Reduction of Bluefin Tuna and Undersize....

REPORT TITLE:  Reduction of Bluefin Tuna and Undersize Swordfish Bycatch in Atlantic Longline Fisheries

AUTHOR: Steven A. Berkeley and Randy E. Edwards


AVAILABLE FROM:  National Marine Fisheries Service, Southeast Region, 9721 Executive Center Drive, North Koger Building, St. Petersburg, FL 33702.  PHONE: (813) 570-5324


There were two primary objectives of this research: (1) to determine times, depths, areas, temperatures, and water temperature profiles of the water mass associated with longline catches of yellowfin tuna, bluefin tuna, undersize swordfish, and other bycatch species; and (2) to determine the feasibility of using lighter test leaders to allow giant bluefin tuna to break free while still retaining target species. 

When this proposal was submitted, the southern incidental bluefin tuna quota was being taken annually, usually within 3 or 4 months, after which bluefin could no longer be legally landed. This meant that bluefin caught after the closure were being discarded, frequently dead.  The depressed condition of the bluefin stock meant that these discards represented a significant loss to the spawning stock and potential for recovery as well as a substantial economic loss to the fishery. However, in recent years, either due to changes in regulations or because of reduced abundance, the quotas have not been taken, and discards have been minimal. During the course of our MARFIN project we encountered only a single bluefin tuna in 61 sets of longline gear. Because of the rarity of bluefin encounters, and thus the near elimination of the discard problem, it was impractical for us to pursue objective 2 of the original proposal. Although we designed and tested a "weak link" system that would have allowed us to test various strength leader material without losing any fish as a result, we never conducted these experiments.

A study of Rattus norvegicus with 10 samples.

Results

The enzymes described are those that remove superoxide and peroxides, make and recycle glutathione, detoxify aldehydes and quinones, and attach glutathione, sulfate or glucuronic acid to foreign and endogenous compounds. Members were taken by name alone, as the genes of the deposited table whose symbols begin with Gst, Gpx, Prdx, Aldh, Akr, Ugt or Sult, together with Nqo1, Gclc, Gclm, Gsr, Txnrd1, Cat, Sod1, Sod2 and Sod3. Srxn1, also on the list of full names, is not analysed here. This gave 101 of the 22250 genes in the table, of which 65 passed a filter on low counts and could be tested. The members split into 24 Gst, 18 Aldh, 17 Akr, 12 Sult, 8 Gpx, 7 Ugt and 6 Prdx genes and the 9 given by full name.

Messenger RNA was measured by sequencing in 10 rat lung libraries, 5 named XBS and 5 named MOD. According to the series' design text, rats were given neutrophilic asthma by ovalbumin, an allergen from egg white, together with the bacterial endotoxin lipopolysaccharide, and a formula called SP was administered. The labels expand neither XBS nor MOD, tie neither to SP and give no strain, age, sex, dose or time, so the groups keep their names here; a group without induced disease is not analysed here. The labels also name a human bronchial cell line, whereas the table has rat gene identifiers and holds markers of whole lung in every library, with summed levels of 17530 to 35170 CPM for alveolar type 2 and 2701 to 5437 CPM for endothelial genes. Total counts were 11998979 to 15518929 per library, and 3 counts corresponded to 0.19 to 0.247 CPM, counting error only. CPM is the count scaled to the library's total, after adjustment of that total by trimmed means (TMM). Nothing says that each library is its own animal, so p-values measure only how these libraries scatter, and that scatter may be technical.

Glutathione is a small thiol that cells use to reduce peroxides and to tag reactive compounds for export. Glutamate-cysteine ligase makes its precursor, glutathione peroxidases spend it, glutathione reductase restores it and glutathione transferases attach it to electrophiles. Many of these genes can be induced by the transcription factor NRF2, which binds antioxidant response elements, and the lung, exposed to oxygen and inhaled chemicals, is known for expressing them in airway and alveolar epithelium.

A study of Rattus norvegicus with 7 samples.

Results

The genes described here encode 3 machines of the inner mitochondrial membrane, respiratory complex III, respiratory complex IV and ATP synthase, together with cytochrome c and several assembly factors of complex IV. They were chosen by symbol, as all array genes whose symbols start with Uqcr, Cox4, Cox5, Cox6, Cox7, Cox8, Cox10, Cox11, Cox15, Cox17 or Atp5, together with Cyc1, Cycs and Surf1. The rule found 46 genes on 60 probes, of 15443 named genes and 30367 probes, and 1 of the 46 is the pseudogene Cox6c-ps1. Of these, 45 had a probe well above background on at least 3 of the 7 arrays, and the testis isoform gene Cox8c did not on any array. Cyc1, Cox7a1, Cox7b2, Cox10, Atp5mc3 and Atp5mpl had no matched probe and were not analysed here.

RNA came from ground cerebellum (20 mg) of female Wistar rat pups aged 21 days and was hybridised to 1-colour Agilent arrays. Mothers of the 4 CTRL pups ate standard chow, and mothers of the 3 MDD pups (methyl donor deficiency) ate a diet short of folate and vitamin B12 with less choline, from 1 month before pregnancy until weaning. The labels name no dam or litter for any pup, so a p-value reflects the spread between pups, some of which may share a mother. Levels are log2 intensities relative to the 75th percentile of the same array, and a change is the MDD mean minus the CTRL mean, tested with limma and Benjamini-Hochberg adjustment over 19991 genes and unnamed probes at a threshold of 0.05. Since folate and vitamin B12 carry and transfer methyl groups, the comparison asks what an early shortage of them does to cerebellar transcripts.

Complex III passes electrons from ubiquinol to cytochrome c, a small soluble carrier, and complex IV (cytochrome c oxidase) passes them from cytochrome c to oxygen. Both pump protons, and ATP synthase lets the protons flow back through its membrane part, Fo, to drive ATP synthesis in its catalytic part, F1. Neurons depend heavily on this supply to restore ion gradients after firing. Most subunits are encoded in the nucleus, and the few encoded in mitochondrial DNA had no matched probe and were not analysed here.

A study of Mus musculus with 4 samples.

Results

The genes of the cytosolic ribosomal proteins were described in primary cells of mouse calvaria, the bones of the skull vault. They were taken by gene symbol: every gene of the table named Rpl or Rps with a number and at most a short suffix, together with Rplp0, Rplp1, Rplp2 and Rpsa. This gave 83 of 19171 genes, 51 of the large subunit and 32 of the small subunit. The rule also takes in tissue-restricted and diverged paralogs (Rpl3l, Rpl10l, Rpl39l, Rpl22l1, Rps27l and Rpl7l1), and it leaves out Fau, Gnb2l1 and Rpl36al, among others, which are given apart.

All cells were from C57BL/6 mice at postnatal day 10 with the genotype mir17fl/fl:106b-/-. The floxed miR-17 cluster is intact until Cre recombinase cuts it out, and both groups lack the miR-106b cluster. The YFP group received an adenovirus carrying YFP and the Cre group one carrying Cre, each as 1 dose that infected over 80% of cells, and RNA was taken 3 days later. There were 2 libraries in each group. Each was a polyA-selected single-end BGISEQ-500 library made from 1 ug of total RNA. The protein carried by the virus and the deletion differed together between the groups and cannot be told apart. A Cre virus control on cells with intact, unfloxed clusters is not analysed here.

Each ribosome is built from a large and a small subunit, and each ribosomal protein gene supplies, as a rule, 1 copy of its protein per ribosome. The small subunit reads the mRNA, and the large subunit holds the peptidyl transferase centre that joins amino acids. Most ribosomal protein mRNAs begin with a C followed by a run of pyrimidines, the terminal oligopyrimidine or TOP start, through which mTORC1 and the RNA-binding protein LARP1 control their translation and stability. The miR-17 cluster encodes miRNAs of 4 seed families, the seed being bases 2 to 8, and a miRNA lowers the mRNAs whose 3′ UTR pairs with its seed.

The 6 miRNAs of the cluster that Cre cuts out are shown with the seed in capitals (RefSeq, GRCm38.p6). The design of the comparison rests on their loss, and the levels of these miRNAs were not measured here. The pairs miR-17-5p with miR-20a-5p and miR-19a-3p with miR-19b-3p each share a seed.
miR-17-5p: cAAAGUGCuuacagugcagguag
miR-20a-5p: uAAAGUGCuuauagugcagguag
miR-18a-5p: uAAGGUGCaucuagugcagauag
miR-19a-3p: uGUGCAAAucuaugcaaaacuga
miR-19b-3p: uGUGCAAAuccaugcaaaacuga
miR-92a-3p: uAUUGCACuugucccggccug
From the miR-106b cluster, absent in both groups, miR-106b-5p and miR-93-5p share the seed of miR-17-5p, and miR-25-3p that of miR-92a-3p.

The investigators attached "hook timers" to gangions and time--depth recorders to the mainline of longlines deployed by cooperating yellowfin tuna fishermen operating in the Gulf of Mexico.  In addition, expendable bathythermographs were deployed at the start and end of each set and haulback to characterize the thermal structure of the water column.  These instruments allowed the investigators to identify the time, depth, and water temperature in which hookups occurred.  Up to 43 nautical miles of mainline were deployed, with soak times of over 24 hours.  By understanding the fishing operation, the investigators were able to develop gear and attachment techniques that did not interfere with or slow down the commercial fishing operation.